Discovering Digital Diplomacy: The Case of Mediatization in the Ministry for Foreign Affairs of Finland is a recent study by Aino Huxely that describes how the Finnish Ministry of Foreign Affairs perceives and adopts Digital...KEEP READING
The realm of social media and the power of the Internet lies in the hands of the people. Together they are a tool that allow greater access to information, global connectivity, a platform for speeches, advocacy and political statements, tools for video and photo dissemination and much more. The Internet, in many parts of the world, is free and open to the public, which allows for the rapid growth of people-to-people diplomacy across national borders, and has a democratizing effect on information. It has also created the space for the tech boom in which the giants of Silicon Valley thrive. While advocacy organizations and individuals around the world utilize the technologies these giants created in order to push forward their ideas and agendas, these tech companies have remained dormant in the foreign policy and public diplomacy sector.
However, the sleeping giants are waking, something USC Annenberg’s Dean Ernest J. Wilson, III argued for back in June 2012. In his piece “Silicon Valley Needs a Foreign Policy” in Foreign Affairs, and a subsequent extended piece published in CPD Perspectives, he urged the tech sector to leverage its power to influence the national agenda on topics such as education, immigration, foreign economic policy to strengthen U.S. smart power. These tech companies may have been listening when Wilson suggested one year ago, that they forge “a new Silicon Valley Foreign Policy.”
In April 2013, Mark Zuckerberg of Facebook, along with executives and founders of big technology firms such as Microsoft, DropBox, and LinkedIn, with the financial backing of Google, Yahoo and others, launched FWD.us, a political advocacy group dedicated to “changing the U.S. economy through legislative reform in areas like immigration, education and scientific research.”
A selection of founders of FWD.us advocacy group © FWD.us
What caused this shift in behavior over the past year? President of FWD.us Joe Green explained to TechCrunch why it took the tech and startup industry so long to become politically mobilized: “People in tech have often felt a cultural disconnect from the political process...you often hear tech founders talk about how their motivation to create companies and products is to change the world. Our goal with FWD.us is to organize and engage the tech community in the issues where we can contribute to the national debate.” In order for these companies to come together, there needed to be a mutually beneficial cause and they seem to have found one in immigration reform.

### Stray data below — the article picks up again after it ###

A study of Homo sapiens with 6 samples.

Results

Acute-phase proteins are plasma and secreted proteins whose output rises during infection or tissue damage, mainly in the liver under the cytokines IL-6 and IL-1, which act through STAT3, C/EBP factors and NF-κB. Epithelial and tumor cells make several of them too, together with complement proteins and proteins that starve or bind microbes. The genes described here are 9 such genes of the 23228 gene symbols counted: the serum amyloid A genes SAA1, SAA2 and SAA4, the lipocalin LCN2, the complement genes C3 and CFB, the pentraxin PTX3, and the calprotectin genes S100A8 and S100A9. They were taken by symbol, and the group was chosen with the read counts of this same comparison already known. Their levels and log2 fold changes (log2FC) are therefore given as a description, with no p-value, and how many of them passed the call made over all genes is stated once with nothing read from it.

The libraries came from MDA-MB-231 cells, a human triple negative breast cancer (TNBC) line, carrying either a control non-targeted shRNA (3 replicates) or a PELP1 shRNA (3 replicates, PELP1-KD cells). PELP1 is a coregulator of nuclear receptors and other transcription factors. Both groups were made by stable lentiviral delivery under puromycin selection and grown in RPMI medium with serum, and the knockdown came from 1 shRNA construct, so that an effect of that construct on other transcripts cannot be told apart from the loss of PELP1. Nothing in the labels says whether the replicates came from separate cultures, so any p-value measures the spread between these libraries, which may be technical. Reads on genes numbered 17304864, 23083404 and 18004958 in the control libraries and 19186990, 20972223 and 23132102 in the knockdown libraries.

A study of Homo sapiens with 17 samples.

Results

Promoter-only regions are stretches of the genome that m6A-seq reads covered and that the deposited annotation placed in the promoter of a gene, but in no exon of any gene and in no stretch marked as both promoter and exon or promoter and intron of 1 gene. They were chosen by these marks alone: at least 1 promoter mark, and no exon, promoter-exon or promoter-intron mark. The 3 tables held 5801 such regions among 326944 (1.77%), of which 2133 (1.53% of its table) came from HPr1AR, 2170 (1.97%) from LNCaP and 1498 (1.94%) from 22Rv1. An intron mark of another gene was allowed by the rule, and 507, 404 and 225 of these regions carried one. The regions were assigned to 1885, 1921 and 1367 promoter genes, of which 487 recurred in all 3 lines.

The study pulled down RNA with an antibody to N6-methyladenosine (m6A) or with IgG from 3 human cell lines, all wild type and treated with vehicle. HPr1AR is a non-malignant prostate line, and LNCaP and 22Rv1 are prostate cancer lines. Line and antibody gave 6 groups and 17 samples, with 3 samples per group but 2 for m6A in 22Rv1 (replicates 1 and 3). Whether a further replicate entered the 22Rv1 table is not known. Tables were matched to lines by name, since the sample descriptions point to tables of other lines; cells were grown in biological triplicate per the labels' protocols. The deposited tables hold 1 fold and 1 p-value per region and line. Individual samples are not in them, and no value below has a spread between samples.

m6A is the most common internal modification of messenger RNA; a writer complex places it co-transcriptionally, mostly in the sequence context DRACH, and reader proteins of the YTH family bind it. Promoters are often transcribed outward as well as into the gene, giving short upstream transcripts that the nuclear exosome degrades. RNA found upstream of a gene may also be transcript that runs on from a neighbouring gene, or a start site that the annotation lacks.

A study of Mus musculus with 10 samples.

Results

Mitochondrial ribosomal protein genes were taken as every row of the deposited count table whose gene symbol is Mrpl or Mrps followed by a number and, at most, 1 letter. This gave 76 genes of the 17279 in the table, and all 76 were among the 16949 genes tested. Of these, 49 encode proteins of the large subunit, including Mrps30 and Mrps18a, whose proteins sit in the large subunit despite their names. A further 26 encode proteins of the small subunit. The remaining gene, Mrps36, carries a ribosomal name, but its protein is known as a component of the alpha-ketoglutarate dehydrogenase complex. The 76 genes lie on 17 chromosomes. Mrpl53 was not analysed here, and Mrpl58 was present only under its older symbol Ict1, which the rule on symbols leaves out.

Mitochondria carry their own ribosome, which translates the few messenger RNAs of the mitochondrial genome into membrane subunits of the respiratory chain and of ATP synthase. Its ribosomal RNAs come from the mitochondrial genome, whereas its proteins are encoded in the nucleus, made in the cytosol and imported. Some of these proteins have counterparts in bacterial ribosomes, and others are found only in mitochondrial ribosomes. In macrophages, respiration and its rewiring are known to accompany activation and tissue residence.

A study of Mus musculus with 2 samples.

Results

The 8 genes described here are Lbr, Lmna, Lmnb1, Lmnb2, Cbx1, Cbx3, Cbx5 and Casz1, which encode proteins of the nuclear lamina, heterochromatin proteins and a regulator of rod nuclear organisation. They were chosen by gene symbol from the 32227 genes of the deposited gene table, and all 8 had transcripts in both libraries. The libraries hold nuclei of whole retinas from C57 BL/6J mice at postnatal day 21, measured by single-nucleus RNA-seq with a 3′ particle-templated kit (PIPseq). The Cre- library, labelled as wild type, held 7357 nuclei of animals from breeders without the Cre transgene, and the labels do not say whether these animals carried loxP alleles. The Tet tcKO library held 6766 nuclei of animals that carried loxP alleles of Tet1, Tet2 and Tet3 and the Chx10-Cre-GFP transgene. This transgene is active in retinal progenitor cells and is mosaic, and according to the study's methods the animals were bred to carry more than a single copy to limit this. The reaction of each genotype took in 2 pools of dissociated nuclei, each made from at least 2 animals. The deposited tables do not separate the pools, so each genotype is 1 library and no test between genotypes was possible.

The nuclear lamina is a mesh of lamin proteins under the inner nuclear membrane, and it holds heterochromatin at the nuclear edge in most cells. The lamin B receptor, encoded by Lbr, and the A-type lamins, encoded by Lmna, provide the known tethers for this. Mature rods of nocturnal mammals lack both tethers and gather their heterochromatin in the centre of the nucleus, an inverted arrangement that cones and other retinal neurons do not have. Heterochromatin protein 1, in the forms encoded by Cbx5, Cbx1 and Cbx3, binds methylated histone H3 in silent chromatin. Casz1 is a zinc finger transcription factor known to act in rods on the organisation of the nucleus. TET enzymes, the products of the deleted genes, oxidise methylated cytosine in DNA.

Like any well-trained public diplomat, Silicon Valley has recognized that the power of a country in the 21st century is not solely in its military capabilities, but in its power to attract. Just as Wilson’s article stated, “The country is now -- and will be for the foreseeable future -- about communication and content.” Our economy is driven by ideas, or as Zuckerberg calls it, a “knowledge economy,” and this is an attractive proposition to many here at home and abroad. In order for these companies to thrive, they must be able to pull from talent both at home and abroad.
Immigration reform is an issue that spans the domestic, foreign, economic and diplomatic arenas, while directly impacting the tech industry. Silicon Valley has a special interest in expanding the H1B visas for skilled workers in order to improve their corporate bottom lines. And while many tech giants may not be interested in the public diplomacy implications of jumping into the immigration debate, they cannot be ignored. If one of the leading sectors in our economy is open and encouraging to immigrants, promoting reform in immigration policies and helping the 12 million undocumented residents come out of shadows, it reflects well on the tech sector’s values and in turn on American values. Many, if not all of these tech giants, are global in scope with offices and employees around the world. They create products that are used by individuals across the globe. If these companies are aiming to bring stable jobs, safe living and working conditions, and products people love to foreign markets, they are representing the U.S. and sharing positive American values. People from countries around the world with skills in programming, development, and the areas of STEM are able to once again see opportunity in the United States. Immigration policy reform can solve a domestic problem at home; improve our reputation with global elites; and at the same time demonstrate American values of openness, innovation, and opportunity.
While the high tech sector now recognizes the power of national politics, it should not forget the implications its companies and policies have on people around the globe.